When you drive your Sprinter Cargo van for the first time you will be surprised about the amount of noise that you will hear: Wind noises, the sound of the tires on the road and the rattling noise of the sheet metal panels. Compared to the noise level in a Sprinter, a modern passenger car is whisper quiet. The good news is that a lot of the reasons for the noise level in your cargo van can be addressed and with some clever materials you can get a much quieter ride.
Reducing rattling noises
First look for the easy things – is everything securely attached to the van? any loosened screws or missing clips to hold interior panels in place? Next you’ll need to add some weight to the sheet metal panels. If you drive, the panels will start to vibrate and make some noise.
Adding some tiles made out of Butyl will reduce those vibrations by making your metal panels less flexible. The material comes either in pre cut tiles or on a roll which you need to cut to size. Applying is easy – just peel of the protective foil on the back and stick them on the panel (of course from the inside!). Most suppliers will also give you a small wooden roller which you can use to apply some pressure for a better bond between the materials.
There are plenty of brands for this stuff – FatMat, Dynamat, Hushmat or GTMat to name a few. Just make sure that they are made out of butyl and not asphalt. The latter is much cheaper and mostly used on house roofs but will start smelling, especially when heated – which can easily happen when you park your van in the sun.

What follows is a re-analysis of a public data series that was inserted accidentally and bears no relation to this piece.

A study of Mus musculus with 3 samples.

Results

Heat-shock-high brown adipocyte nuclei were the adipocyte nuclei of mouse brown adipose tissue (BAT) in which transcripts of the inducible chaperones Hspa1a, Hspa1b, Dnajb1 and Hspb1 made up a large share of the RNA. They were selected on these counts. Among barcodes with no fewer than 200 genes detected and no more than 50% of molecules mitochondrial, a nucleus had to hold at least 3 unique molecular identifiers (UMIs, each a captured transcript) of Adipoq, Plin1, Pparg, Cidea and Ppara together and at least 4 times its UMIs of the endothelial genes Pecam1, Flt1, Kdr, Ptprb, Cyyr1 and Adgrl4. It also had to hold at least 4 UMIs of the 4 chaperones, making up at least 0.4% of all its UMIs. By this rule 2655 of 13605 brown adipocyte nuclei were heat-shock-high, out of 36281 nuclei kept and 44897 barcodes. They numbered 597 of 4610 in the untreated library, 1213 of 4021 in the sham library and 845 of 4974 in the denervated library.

On most of the manufacturers websites you will see the complete interior body of a car covered with sound deadener which you don’t need to do. Just cover about 25% of the surface of each panel with the material. This will be effective enough to reduce the vibration.
Building a sound barrier
The next step is to reduce the sound from the outside of the van. It also works the other way: if you’re used to crank up your car stereo volume, building a sound barrier will be nice for drivers of the other cars standing next to you at a traffic light. The ideal material for this is MLV (Mass loaded vinyl) which is basically a heavy rubber mat. An appropriate place for those would be as a layer between your interior panels and the van body. Here it’s important to not having any gaps where sound waves could sneak through.
Additional sound deadening steps
There are some more tricks to reduce the noise levels inside your van, like adding a layer of foam to absorb sound waves or choosing the right tires. If you’re interested to learn more, check out this website where I got some ideas for my camper build.